Written by Christine A. Emery and illustrated by Kellie R. Emery, The Black Cloud Blues does the important work of acknowledging childhood depression. In doing so it makes a valuable contribution to children’s literature. Kellie Emery’s deliberate illustrations provide access to the unnamed narrator’s feelings as he takes readers on a journey into his experience with depression.
The text opens: “There’s a black cloud hanging over me.” The young narrator stares at the reader with large eyes as a stormy background of violet, indigo, and black streaked with rain visually communicates his sadness. The reader learns that depression is passed down from the child’s father, grandfather, and even great grandfather. By identifying the narrator’s depression as rooted in genetics, Christine Emery gestures towards a shared familial history, subtly assuring young readers that feelings of depression are not uncommon.
The child tries to get rid of the cloud, a project explored through the remainder of the text. He visualizes outrunning the black cloud, blowing it away with a collection of fans, and moving it with a crane, all to no avail. This is a project he can’t undertake on his own.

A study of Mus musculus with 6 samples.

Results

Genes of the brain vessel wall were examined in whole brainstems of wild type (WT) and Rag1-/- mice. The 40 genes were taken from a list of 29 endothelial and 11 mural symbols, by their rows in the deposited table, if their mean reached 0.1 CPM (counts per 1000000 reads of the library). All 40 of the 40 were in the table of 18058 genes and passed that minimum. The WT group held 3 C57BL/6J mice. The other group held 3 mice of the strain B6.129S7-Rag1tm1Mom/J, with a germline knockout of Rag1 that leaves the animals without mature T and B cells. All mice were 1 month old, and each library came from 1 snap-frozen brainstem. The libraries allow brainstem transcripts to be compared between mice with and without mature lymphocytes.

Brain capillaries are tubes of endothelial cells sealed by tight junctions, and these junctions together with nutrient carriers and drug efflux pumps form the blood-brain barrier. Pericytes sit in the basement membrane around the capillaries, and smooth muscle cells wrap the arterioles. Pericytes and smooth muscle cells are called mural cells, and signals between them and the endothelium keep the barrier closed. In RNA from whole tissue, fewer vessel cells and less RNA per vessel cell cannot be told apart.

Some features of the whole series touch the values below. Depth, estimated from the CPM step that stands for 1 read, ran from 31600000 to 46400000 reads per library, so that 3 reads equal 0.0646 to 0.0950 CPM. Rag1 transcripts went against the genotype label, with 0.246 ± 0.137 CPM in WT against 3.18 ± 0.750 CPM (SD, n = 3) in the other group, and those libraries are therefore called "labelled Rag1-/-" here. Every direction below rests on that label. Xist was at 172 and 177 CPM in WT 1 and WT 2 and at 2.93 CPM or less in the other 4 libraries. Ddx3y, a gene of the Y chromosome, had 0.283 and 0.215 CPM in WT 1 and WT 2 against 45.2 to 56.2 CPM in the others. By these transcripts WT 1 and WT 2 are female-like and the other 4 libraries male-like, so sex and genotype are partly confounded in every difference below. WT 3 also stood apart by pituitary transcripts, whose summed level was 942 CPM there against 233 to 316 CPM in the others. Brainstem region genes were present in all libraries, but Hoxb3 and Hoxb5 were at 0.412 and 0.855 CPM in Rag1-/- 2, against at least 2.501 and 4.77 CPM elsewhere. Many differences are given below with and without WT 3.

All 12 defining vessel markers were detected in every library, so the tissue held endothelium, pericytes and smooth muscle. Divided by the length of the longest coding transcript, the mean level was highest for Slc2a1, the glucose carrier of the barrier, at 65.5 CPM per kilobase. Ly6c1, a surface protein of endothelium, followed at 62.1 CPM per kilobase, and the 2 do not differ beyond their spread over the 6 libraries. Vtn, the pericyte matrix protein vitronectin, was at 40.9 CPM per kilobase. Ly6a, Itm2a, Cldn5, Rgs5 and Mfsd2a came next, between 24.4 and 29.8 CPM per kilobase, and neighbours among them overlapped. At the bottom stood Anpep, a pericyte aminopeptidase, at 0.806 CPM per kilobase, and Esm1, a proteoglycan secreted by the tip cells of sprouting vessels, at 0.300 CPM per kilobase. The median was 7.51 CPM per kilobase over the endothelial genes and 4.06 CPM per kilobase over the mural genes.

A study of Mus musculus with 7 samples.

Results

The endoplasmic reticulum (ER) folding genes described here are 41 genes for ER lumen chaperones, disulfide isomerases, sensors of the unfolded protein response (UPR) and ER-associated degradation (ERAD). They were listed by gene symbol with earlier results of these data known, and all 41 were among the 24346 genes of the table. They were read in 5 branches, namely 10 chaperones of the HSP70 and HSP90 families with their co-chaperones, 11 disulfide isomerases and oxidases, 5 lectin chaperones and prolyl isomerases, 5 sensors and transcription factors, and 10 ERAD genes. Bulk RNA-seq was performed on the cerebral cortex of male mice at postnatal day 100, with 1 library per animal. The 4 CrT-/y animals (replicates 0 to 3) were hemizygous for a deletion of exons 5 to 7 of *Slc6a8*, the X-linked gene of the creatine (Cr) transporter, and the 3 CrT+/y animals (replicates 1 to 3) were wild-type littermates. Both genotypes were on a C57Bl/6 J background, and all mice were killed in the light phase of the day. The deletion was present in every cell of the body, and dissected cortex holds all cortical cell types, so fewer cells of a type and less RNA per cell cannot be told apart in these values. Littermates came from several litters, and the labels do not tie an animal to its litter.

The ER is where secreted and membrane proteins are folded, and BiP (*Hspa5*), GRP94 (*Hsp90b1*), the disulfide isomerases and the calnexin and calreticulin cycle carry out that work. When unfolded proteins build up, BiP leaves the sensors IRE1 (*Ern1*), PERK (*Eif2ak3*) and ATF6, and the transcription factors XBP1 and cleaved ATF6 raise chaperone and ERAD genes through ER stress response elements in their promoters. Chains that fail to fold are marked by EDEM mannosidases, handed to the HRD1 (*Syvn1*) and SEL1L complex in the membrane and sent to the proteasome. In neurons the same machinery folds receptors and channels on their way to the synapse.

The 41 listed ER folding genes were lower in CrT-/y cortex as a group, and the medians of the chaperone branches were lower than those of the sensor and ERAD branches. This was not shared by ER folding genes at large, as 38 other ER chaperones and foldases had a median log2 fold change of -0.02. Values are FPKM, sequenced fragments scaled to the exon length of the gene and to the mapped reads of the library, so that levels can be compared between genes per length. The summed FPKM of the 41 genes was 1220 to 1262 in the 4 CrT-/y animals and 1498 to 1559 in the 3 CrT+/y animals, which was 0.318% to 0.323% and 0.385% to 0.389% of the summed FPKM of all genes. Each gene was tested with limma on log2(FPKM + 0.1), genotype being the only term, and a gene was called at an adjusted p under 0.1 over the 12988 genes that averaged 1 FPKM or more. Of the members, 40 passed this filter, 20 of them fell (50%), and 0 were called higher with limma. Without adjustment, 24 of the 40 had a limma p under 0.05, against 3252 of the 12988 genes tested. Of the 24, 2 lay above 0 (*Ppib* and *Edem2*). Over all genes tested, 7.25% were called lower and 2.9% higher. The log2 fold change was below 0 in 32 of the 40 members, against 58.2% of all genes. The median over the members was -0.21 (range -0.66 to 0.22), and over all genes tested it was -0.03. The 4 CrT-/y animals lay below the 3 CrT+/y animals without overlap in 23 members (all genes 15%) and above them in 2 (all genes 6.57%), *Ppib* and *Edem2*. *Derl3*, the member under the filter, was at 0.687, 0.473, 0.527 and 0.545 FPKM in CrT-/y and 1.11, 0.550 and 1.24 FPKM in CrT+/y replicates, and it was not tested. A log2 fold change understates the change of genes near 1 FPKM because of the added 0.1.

The child thinks he will be sad forever and begins to play the blues. An image of him wearing sunglasses and a suit while playing the harmonica lightens the mood inside and outside of the text, but just a bit, just enough for the cloud to budge. The small movement provides space for something new to enter the boy’s world. A blue bird appears and offers to help. The bird begins jumping up and down on the cloud and is soon joined by other blue birds. The cheery birds destroy the cloud and the darkness dissipates.
The black cloud is replaced with a sunny sky and a brilliant rainbow. The young narrator takes in the view as his new friends surround him. He can smile and feel joy.
The text ends by telling children to connect with others when they feel sad and cannot escape the black cloud: “Now, whenever you are feeling sad and storm clouds are following you, make sure you tell somebody too.”
This is an important picture book that provides hope without suggesting an effortless path to happiness. It treats mental illness with dignity and children with respect. Even more, images and words share a harmonious relationship that make the narrator’s feelings accessible to even the youngest readers. The Black Cloud Blues will make a wonderful addition to personal and classroom libraries likely filling a gap on even the most carefully curated bookcases.
*The author provided me with a review copy.